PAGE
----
By Christina Beltrán, Flagler College Psychology Intern

One of the most frustrating things that can happen to us while we are learning is our brains not grasping the concept being taught. We sometimes wish we could take mental screenshots or recordings of a certain lecture. Some of us get so frustrated while we are studying, we hope that if we hit our heads with our textbook that the information from the textbook would just transfer into our brains. Unfortunately, this transfer does not work as most of you already know. However, one process that does work in helping you grasp concepts which will serve you better than banging a textbook against your noggin is called Bloom’s Taxonomy.

Made up by an American educational psychologist Benjamin Bloom, Bloom’s Taxonomy allows us to gain a greater understanding of subjects we are trying to learn or re-learn. This process helps with not only the learning process but also with developing the depth of thinking skills which is why generations of teachers have been using this with their students. Within this system, Remembering is the lowest level of depth and builds all the way up the highest level which is Creating. To get a better sense of what each of these levels entail, please refer to the diagram as well as the additional descriptions provided. Remember to start from the bottom and work your way up.

Creating → Develop new theories & ideas

Evaluating → Compare theories & ideas

Analyzing → Break down complex concepts

Applying → Use information to solve problems

Understanding → Explain the material to others

Remembering → Straight memorization

Now that you have a better understanding of what each step entails, here are examples of how this process can work. Once again, start from the bottom then move your way up through the levels.

Bloom’s Taxonomy Examples:

Creating: Designing a science fair project to investigate how a plant grows with water (since you know how that works already) vs. how a plant grows with orange juice OR Making examples from your own life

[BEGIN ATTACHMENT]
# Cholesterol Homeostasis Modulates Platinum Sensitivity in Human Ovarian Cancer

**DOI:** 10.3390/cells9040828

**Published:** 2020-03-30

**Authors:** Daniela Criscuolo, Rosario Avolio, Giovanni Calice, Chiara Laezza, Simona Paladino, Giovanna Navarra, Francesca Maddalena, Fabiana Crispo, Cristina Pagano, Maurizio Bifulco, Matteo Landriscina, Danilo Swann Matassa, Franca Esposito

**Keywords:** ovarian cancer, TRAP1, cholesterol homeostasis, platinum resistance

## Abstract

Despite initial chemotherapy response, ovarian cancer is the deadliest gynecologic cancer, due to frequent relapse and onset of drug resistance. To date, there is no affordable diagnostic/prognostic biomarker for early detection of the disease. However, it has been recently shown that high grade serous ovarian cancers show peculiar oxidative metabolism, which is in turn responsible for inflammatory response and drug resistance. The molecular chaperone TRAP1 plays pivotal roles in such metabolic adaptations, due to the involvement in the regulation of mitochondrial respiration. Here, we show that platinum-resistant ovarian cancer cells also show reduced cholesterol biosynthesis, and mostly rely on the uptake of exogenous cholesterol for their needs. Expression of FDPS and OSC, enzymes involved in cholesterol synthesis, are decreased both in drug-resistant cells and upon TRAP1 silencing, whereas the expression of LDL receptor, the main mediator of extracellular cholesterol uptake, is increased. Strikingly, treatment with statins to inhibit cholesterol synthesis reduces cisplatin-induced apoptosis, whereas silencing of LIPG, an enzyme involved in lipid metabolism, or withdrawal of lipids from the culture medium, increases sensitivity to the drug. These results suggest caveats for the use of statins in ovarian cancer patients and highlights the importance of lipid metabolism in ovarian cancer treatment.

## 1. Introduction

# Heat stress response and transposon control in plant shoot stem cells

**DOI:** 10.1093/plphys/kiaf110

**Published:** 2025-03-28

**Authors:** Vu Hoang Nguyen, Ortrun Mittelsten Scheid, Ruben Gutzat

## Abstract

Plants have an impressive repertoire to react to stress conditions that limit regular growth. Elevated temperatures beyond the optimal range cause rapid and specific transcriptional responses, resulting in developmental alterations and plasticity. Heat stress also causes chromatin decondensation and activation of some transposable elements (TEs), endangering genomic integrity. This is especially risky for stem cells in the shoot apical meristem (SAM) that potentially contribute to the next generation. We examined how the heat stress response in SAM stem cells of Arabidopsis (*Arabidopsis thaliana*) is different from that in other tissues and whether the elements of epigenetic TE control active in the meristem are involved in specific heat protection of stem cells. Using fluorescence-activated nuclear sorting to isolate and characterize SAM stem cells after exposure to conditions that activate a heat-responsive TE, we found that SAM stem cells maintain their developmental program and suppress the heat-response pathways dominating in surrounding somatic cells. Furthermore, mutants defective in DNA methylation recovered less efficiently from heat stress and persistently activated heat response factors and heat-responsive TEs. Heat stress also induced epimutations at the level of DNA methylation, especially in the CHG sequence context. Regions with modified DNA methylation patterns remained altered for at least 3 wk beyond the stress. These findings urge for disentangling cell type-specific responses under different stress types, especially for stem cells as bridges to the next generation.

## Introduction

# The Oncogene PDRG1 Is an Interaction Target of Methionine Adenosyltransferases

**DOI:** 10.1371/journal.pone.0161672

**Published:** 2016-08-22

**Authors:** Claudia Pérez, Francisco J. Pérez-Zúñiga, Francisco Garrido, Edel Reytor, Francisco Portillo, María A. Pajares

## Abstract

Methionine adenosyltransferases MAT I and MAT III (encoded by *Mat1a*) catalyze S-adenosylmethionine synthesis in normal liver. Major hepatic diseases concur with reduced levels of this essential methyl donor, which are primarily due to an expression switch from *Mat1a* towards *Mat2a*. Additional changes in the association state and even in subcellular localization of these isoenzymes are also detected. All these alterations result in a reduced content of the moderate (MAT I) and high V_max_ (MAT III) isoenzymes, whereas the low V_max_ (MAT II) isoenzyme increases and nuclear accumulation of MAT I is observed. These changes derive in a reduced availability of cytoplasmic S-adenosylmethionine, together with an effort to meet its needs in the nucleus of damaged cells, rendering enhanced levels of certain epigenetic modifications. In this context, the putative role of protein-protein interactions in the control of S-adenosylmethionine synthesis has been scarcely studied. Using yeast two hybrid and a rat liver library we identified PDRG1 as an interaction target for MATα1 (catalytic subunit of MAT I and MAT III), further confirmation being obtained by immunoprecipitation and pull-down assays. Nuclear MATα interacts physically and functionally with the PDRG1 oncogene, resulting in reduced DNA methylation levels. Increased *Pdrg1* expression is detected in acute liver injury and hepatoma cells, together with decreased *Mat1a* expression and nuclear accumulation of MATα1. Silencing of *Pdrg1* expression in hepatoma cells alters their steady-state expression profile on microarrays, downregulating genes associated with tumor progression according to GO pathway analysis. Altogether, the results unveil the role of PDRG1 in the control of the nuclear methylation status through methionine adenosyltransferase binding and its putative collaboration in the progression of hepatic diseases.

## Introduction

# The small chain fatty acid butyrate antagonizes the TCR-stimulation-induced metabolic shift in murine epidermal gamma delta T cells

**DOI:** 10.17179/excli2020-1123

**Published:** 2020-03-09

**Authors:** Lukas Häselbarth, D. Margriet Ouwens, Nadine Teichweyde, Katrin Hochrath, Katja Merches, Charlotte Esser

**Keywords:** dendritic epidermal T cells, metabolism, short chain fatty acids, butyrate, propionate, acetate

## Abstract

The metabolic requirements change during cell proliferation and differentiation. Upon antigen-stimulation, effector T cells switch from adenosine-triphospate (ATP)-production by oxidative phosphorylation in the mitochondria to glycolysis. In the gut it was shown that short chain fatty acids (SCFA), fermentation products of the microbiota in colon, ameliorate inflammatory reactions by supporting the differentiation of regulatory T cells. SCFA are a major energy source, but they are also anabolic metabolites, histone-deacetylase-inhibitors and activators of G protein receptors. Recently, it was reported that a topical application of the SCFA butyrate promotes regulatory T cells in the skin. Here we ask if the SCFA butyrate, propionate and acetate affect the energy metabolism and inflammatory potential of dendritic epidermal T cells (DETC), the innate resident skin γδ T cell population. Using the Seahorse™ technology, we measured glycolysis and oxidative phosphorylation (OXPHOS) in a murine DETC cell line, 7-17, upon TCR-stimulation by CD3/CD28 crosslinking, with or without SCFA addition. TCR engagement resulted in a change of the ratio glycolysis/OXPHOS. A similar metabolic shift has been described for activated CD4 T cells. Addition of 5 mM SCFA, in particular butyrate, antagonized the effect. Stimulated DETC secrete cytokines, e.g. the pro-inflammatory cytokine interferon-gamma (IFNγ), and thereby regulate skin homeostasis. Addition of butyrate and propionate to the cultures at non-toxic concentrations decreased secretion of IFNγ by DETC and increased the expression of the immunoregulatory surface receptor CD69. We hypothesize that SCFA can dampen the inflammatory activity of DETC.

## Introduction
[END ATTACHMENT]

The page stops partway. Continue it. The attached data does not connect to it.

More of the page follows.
Evaluating: Making an argument based on concrete evidence that eating a small portion of green vegetables every day is better for your health than eating a small portion of Doritos every day OR Deciding what is effective

Analyzing: Comparing and Contrasting the Harry Potter Series vs. Stranger Things [For example: They are both about a young orphan who is fighting against a guy who is bald, does not have a nose, has telekinesis and mind control as powers, and has classmates with blonde hair that are mean to them] OR Noticing the differences in examples

Applying: Solving the average of your GPA after learning how to calculate averages in math class OR Being able to apply examples to the concept

Understand: Writing a short summary of the textbook chapter to explain the concepts learned OR Explaining the concept to someone younger than you

Remember: Using flashcards to help you define your vocabulary words

I know this is a ton of steps but breathe! Everything is going to be ok. With keeping this in mind, it is highly recommended that you try to achieve this deeper level of learning in short study sessions. This ‘spacing effect’ (as called in cognitive psychology) allows for proper consolidation and encoding to take place, meaning that these short sessions as well as the space between them will allow your brain to retain the information better, faster, and more accurately (Goldstein, 2019). Have fun learning!


Drew, C. (2023, May 20). All 6 levels of understanding (on Bloom’s taxonomy). Helpful Professor.

Goldstein, E. B. (2019). Cognitive Psychology: Connecting mind, research, and everyday experience (5th ed.). Cengage Learning.